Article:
Cindy Crawford Leads Fight Against PCBs in Malibu Schools

Two California schools in Malibu have been found to have overly high levels of PCBs, causing great concern to many parents including supermodel Cindy Crawford.  Having two teen-aged children who would have attended these schools, Crawford has kept her teens at home to avoid the high-levels of these cancer-causing chemicals, reports Eun Kyung Kim of Today.  PCBs are often found in older buildings.

“I look 10 years down the line. What if my kid, God forbid, had a problem?” Crawford told NBC special correspondent Maria Shriver in a segment that aired Tuesday on TODAY. “How could I live with myself, if I knew that it was a possibility, and I still sent them to school there?”

The chemicals were banned in 1979 after being found to have causal links to cancers and to immune and reproductive system damage.  The majority of PCBs are found in window caulking of older buildings, but they also have the ability of leeching into dirt, dust, and air.

“PCBs disrupt the function of hormones in our bodies, especially thyroid hormone. They can contribute to worse brain development in children, and inability of children to perform well in school,” said Dr. Leonard Trasande, a public health expert at New York University’s School of Medicine.

Of 10 Malibu schools that were tested, four came back with levels of PCB which were above the federal standards.  School district officials will have the caulking removed in these four classrooms and will conduct periodic testing of air and dust. Tests thus far, they say, have been normal.  Still, parents do not feel totally safe.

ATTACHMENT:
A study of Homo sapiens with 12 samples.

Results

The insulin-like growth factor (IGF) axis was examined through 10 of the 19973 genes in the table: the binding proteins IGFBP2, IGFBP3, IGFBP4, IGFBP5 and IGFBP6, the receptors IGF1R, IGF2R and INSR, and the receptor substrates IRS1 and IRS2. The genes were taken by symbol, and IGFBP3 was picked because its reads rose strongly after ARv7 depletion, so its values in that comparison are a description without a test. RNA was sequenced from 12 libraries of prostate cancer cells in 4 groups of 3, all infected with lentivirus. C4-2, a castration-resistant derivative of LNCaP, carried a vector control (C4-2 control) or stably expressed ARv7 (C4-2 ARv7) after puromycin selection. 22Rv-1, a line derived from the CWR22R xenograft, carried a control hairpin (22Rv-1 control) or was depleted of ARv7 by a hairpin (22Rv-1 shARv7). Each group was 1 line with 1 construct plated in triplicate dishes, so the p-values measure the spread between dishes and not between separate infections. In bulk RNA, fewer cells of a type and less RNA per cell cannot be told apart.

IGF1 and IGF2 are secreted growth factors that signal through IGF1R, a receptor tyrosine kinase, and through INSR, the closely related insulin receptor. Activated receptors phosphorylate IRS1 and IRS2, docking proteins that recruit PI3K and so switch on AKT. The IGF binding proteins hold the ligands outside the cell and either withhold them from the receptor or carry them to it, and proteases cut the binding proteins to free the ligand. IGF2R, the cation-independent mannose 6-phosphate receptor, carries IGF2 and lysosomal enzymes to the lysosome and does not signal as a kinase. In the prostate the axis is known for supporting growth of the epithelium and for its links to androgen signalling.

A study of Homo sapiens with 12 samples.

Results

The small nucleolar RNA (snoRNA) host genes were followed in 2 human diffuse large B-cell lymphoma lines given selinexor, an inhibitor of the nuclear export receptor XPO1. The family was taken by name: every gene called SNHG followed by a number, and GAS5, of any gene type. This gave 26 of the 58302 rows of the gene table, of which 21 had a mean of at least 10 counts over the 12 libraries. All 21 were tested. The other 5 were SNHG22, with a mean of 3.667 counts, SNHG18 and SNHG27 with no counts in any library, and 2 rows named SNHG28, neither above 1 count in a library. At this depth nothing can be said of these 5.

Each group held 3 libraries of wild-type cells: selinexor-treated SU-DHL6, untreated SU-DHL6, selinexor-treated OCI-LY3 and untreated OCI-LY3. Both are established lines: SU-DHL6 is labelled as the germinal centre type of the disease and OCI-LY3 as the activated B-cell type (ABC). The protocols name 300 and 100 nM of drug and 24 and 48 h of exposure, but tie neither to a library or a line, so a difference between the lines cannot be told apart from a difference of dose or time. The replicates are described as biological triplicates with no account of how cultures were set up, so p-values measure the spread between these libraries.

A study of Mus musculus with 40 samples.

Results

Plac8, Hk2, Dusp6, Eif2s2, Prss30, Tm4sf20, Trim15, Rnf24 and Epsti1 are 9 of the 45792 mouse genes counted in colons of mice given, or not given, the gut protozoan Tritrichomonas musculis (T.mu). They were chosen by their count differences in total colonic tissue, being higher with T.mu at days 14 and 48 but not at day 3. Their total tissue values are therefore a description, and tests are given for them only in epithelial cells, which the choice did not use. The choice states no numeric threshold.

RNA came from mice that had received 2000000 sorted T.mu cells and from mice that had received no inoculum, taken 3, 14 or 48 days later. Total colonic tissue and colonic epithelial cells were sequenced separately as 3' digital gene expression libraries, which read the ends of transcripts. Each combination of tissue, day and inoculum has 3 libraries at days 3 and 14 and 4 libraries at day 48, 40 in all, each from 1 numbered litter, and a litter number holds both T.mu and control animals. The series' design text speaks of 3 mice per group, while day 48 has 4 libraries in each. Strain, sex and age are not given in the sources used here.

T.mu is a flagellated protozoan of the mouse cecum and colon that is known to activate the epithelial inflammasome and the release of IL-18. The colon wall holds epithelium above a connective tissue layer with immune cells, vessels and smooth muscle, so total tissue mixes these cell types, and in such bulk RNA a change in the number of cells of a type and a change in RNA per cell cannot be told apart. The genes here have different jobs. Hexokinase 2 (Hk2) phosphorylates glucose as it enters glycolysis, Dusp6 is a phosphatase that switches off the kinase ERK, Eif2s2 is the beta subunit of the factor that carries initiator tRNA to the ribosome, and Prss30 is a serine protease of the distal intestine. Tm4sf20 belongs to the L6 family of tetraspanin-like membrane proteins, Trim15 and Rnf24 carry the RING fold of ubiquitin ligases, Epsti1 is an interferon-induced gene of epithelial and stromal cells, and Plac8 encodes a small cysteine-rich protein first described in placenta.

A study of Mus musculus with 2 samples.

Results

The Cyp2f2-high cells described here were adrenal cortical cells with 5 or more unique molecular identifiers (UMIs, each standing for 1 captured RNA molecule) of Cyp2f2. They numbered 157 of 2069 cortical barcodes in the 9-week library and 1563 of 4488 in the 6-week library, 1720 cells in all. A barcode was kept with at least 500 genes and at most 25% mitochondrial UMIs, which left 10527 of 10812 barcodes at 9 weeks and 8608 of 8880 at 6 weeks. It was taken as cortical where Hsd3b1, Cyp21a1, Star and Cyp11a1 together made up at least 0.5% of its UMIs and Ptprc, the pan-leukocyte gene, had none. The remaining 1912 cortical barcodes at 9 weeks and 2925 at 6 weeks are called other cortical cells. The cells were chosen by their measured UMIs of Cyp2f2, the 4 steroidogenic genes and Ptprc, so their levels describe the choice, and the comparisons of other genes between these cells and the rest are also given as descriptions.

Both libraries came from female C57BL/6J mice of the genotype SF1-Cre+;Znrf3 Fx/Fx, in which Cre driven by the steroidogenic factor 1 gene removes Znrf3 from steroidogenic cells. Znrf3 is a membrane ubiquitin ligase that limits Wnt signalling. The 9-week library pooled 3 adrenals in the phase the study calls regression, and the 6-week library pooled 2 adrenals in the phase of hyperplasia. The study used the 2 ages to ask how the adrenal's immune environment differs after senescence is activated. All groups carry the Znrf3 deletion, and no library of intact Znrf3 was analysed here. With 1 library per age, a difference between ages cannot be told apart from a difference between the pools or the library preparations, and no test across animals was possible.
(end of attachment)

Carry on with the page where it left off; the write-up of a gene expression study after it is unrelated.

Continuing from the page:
Crawford has offered to pay to have all the caulk testing done at Malibu High School, but insists that daily testing must be done.

Trasande adds that schools need to remove PCBs from all building materials. Currently, federal law does not require that administrators test for chemicals. School officials in Malibu released a statement that, according to Environmental Protection Agency (EPA) standards, their schools were safe.

The EPA joined in by stating they do not recommend additional testing of caulk.  The plan laid out by the district is to address human exposure to air, dust, and soil, which, they say, are the areas of most concern.

Parents are calling for all school buildings built between the years of 1950 and the 1970s to be tested for PCBs, or polychlorinated biphenyls.  Crawford, mother of Presley, 15, and Kaia, 13, said in an article by Rachel McRady in US Magazine:

“I am very frustrated and very disappointed at the way this has been handled,” Crawford continued. “The problem is that they haven’t tested the source. Unless they’re testing every day, how do I know it’s safe for my kid?”

According to the EPA, some of the sources that release PCBs into the environment are:

• Improperly maintained hazardous waste sites

• Illegal or improper dumping of PCB waste

• Leaks from electrical transformers that contain PCBs

• Some burned wastes in municipal and industrial incinerators

• Leaves, plants, and crops

• Small organisms and fish

The EPA says PCBs have been demonstrated to cause adverse health effects on the immune system, the reproductive system, the nervous system and the endocrine system.